By Elvis Anusa.
FROM the usually inactive small shopping centre of Mount Hampden that marks the boundary between Harare and Mashonaland West provinces to as far as the small town of Banket, along the Lomagundi highway, an unpleasant impression of poverty similar to that which frequently pervades most of the country’s high density suburbs prevails.
Agriculture is arguably the major source of employment in this predominantly rural and arable area that normally receives very good rains.
Subsistence farming is practised by many of those resettled in the area due to reasons including unavailability of capital, the lack of a genuine interest in agriculture and a lack of specialised farming knowledge and experience to undertake modern farming activities.
Inability by many to produce enough to feed themselves is a very disheartening reality. Reliable sources told The Solutions Tower about landowners who hardly do any farming but resort to menial jobs at other people’s plots and farms, including planting, weeding and harvesting.
In such jobs, one can pocket an average of two dollars after about nine hours of hard work, while permanent employees can earn about $70 monthly.
A few lucky farm permanent employees, however, receive ration food such as sugar, salt, cooking oil, sun dried salted fish, maize meal and soya chunks from their employers, and furthermore, it is usually the fortunate ones who receive their salaries on time as some employers normally pay them in instalments if they happen to pay them at all.
Together with other people from some of the capital’s high density suburbs, Dzivaresekwa included, some of the area’s inhabitants make a living out of stealing produce from big farms and their loot includes potatoes, vegetables and grains such as sugar beans and maize.
Solar Farm, Bell In Farm, the part of Gwebi College of Agriculture where the Chinese are carrying out their farming operations and PB Anott’s farm, which is close to Westgate shopping centre, are amongst farms from where these people steal. Save for the well armed and trained guards, any attempt to apprehend these thieves can be suicidal since they normally operate in numbers and are armed to the teeth with items such as iron bars, catapults and axes, with which to attack once cornered.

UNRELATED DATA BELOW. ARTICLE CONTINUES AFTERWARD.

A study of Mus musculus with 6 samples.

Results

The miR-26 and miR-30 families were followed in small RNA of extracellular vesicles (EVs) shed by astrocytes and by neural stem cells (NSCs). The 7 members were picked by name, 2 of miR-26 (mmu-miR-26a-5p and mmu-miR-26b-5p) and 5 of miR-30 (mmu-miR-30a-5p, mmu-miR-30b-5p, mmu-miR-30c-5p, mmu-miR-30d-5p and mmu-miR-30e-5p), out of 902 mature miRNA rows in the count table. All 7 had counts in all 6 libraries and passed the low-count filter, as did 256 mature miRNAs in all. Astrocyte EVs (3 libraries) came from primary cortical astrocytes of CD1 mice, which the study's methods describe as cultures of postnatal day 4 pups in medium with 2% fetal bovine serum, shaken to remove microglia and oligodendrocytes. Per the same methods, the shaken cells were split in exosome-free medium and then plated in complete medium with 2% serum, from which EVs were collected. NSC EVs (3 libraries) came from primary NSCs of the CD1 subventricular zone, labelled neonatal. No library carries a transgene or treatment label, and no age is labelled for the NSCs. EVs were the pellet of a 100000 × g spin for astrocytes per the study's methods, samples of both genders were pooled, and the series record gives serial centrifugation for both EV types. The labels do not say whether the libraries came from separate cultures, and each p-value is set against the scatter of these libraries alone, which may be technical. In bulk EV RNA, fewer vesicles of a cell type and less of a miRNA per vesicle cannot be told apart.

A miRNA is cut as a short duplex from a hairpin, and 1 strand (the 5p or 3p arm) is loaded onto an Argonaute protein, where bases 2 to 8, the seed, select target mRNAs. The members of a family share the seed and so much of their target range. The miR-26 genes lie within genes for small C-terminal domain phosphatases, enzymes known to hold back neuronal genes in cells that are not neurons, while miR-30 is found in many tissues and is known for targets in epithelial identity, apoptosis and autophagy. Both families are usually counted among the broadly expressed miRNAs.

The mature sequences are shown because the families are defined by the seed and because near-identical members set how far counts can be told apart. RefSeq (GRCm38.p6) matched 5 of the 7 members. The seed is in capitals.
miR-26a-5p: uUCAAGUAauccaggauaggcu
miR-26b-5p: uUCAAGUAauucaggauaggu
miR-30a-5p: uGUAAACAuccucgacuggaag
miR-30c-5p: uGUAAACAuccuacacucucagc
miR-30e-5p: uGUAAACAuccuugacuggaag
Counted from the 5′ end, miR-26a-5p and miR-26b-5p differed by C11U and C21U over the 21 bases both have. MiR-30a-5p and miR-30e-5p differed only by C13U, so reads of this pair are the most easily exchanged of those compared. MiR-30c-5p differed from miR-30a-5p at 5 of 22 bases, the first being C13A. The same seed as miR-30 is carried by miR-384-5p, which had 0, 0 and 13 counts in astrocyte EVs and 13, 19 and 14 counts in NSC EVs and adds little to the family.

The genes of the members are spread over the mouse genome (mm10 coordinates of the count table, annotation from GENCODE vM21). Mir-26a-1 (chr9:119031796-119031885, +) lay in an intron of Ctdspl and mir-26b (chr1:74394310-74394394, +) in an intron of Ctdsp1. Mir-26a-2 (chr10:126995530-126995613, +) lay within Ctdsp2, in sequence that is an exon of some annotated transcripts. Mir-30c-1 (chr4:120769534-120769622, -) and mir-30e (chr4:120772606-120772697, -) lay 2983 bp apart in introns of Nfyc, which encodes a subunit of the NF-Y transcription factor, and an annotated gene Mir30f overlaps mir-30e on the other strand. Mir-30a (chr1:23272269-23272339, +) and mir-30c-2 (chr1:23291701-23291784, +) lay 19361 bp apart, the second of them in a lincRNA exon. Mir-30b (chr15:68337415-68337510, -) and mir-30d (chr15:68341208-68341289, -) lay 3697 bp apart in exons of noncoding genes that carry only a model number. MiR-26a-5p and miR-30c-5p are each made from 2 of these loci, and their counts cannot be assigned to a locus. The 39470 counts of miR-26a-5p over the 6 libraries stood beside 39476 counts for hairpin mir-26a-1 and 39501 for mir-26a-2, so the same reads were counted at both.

Firewood and gum poles are stolen for sale, while small livestock such as rabbits and chickens are mainly stolen for consumption.
In response to severe food shortages common amongst many, some people glean in other farmers’ corn, sugar beans and soya bean fields for some desperately needed protein and starch foods.
Even a few grains that fall from delivery trucks along the highway is patiently picked by some, mostly the elderly and children of school going age while some of the people survive on working at other farms in return for food items such as maize meal, sugar as well as chicken and pig intestines.
Three decent meals per day are beyond the reach of many households, to most of who the buying of foodstuffs in bulk has just but become a dream. They usually buy from tuck shops which are found within their communities and vendors mainly from Harare who also, in addition to some food items, supply some of them with second hand clothing, cheap electronics such as transistor radios and plastic ware in exchange for grain, corresponding livestock and cash.
The Solutions Tower can confirm having seen some women hanging around shebeens and beer halls at shopping centres such as Nyabira, Mapinga and in farm compounds soliciting for customers, day and night. Their prospective clients include soldiers from Inkomo Barracks, One Parachute Regiment and Darwendale. Truckers who are common in the highway as well as locals and patrons who come from places like Harare mainly during the weekends also fall prey to these ladies of the night.
The area is notorious for the HIV and Aids pandemic whose scars includes child headed families, some of whose members usually drop out of school due to lack of financial support or resort to prostitution or to criminal activities for survival.
Distances that some children in the area walk to and from school are tortuous thus leading to occasional absenteeism and massive dropouts, especially during cold and rainy days. Some wake up before dawn to prepare walking for distances of more than 10km to get to school in time, only to get back home after sunset.
Redundancy is indisputably amongst the reasons why some of the people waste both their lives and whatever they will have worked for getting intoxicated. From the popular opaque beer, an illegal homemade beer commonly referred to as kachasu whose alcohol content is believed to be close to one hundred percent, to a substance nicknamed cranko which, for a dollar’s worth, a group of people can get very drunk, they will take whatever they can afford.
Cheap cigarettes, marijuana and discarded tobacco which they get from farms are also common amongst them. Grass roofed dwellings made of either wood or grass and plastered on both sides with mud are a strong indication of the presence of poverty in the area since those built of cheap farm bricks and iron sheets are luxurious assets only a few can afford.
There is no guarantee for privacy once inside some of these houses since they are poorly constructed leaving openings through which one can catch a glimpse of the inside. Agents of weather can also find their way inside, making it very uncomfortable an experience for people to spend time inside.